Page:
I felt like an era had ended when I heard about his death. I had been in the habit of googling his name on a semi-regular basis, so I knew it was our old Headmaster when I saw his death notice. I must say I am slightly surprised that a man I remember as rather corpulent and a smoker to boot managed to make it to age 90.
I will lay my cards on the table straight away to say he never liked me and it was warmly reciprocated. However I will do him the courtesy he denied to me and acknowledge that I hardly knew the man or his influences and have no great insights into his character. However I do wish I knew more about the man who had such an influence on my life.
What little I do know about him comes from our regular “Headmaster’s discussions”, two 40 minute lessons a week that were a regular part of the school curriculum, in which the great man would give us his thoughts on anything he saw fit. Topics included issues of the day, advice on being good citizens and allegorical stories on the comeuppance that would befall those who crossed him. Some of his advice such as responsible citizens should limit themselves to no more than two children were quite telling considering he himself had four. Wisely no one saw fit to seriously challenge him on this or any other of his views after all, as he often reminded us, he could change our lives with the stroke of a pen.
Over the years he did occasionally impart snippets of personal information but only rarely. However he never tired of telling us that he was a committed christian, a socialist and a passionate believer in democracy. All of which seemed unlikely in the extreme. When a pupil came to his notice for the wrong reasons there was no forgiveness, he always spoke of ordinary working class people in terms of faint contempt, his judgement on all matters was definitive and not to be challenged.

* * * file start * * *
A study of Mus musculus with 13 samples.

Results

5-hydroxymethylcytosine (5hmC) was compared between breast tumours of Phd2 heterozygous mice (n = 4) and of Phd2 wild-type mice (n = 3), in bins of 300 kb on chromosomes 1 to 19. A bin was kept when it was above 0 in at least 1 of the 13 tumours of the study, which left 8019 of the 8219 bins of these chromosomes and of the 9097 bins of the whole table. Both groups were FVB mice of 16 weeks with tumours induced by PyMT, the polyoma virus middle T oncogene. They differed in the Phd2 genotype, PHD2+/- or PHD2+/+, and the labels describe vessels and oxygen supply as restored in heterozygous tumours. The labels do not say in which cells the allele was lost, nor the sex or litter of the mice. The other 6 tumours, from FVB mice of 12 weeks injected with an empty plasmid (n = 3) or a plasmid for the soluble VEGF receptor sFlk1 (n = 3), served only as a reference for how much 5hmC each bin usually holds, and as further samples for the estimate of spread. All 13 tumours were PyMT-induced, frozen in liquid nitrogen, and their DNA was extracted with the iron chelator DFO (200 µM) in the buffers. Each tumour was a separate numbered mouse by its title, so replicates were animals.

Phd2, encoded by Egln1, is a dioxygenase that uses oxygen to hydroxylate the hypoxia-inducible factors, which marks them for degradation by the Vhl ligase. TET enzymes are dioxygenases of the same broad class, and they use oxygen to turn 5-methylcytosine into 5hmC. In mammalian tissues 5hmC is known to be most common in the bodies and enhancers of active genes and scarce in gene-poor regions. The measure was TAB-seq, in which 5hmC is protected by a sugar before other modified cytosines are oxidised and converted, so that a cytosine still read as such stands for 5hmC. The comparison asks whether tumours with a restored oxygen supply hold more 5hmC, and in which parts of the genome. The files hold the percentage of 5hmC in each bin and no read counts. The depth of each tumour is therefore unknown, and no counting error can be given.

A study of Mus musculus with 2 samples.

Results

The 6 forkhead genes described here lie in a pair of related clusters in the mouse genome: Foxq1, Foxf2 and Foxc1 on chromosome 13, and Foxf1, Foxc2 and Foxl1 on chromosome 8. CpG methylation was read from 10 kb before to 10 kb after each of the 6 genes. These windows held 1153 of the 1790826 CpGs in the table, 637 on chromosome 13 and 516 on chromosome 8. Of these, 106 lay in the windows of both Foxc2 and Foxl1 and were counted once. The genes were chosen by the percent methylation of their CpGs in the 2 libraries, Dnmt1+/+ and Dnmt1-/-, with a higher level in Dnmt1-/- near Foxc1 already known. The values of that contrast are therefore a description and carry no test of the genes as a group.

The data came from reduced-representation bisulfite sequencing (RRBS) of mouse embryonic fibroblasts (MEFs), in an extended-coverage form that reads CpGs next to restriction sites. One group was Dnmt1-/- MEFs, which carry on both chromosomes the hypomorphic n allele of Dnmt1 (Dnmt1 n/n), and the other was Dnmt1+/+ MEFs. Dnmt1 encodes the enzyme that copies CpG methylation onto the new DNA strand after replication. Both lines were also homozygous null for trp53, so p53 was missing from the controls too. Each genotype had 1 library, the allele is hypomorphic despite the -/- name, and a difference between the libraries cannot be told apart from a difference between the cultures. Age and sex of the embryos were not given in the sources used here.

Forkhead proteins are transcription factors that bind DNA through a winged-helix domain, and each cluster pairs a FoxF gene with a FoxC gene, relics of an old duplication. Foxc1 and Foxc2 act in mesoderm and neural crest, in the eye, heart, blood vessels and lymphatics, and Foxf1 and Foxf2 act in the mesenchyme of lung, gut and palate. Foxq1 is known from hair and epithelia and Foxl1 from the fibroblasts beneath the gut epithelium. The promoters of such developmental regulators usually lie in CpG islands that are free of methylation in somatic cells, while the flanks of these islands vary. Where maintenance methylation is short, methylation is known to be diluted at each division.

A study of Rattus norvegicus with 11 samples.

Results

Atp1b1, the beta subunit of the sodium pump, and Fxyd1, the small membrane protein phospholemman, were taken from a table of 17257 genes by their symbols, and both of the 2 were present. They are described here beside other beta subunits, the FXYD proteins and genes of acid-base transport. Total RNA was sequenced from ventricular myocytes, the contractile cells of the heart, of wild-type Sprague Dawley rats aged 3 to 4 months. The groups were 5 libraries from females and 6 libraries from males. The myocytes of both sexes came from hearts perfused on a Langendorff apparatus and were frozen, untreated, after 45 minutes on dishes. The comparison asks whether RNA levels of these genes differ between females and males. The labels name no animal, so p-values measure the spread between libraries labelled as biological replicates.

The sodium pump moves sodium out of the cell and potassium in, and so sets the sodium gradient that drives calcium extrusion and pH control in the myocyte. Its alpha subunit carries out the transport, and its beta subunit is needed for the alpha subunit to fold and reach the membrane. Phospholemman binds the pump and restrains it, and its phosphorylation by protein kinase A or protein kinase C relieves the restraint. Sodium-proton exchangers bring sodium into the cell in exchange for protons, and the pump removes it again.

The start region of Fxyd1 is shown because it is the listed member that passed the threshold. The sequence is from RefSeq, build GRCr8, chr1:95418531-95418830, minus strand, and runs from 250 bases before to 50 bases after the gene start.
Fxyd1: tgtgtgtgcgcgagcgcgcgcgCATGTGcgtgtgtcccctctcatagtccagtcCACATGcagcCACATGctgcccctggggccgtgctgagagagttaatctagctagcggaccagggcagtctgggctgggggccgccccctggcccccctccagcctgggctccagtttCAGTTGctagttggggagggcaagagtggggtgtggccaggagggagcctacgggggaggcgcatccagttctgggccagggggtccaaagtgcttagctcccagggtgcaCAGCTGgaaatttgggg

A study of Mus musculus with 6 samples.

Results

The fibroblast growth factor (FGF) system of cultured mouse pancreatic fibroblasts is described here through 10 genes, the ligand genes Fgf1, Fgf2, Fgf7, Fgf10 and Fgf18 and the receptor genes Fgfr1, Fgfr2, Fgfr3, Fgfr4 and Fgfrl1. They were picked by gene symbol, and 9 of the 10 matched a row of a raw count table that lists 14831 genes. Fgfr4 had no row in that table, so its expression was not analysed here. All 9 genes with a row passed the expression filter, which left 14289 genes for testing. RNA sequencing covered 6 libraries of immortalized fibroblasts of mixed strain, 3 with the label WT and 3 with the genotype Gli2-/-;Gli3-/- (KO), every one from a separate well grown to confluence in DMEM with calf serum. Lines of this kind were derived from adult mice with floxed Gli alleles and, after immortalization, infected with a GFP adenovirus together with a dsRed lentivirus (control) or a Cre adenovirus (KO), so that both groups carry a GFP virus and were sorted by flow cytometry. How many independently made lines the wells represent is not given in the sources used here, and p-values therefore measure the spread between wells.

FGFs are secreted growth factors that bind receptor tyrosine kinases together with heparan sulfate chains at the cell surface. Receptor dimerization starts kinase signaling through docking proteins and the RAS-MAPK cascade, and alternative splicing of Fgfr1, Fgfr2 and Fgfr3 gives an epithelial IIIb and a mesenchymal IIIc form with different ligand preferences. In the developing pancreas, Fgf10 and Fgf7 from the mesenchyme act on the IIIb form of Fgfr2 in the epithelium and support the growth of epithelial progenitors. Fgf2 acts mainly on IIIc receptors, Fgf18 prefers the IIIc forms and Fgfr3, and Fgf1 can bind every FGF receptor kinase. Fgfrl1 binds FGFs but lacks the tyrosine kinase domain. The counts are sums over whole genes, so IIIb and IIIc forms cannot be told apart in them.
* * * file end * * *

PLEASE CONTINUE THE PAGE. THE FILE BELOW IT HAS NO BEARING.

Once in morning assembly he criticised some of the girls for preferring to wear fashionably short raincoats rather than their frumpy school macs. They looked, he claimed, like “the better type of factory girl” – not the sort of comment one would expect from a socialist! On another occasion he claimed to have lived in the Brick Lane area of East London as a child and said that “fisticuffs” were a regular occurrence. Strange, as from what I can discover he was born in the much more genteel borough of Croydon.
My theory, no more than that, is that he came from an upper working class background, worked hard at school and won a place at Oxford. However I think all this left him seriously at odds with his roots and made him a misfit. Not an uncommon situation for working class lads back then.
One interesting piece of information I have unearthed is from the “London Gazette” dated 2 April 1946 a cadet named Ralph Lewis Franklin Sexton was commissioned as a Second Lieutenant in the Royal Armored Corps. There’s another a few years later announcing his promotion to First Lieutenant. This must surely be the future Headmaster of Francis Bacon School but why did he never mention it and how does it fit with his later life?
Presumably he continued his studies after leaving the army. He had spent around six years serving his country and must have been significantly older than his fellow students and with his background as a former regular army officer can have felt little affinity with a bunch of toffee-nosed Hooray Henrys. Who in turn probably looked down on him. I suspect his days at Oxford were not happy and cast an influence over the rest of his life. One thing is certain, for an Oxford graduate running Francis Bacon was serious underachievement in life.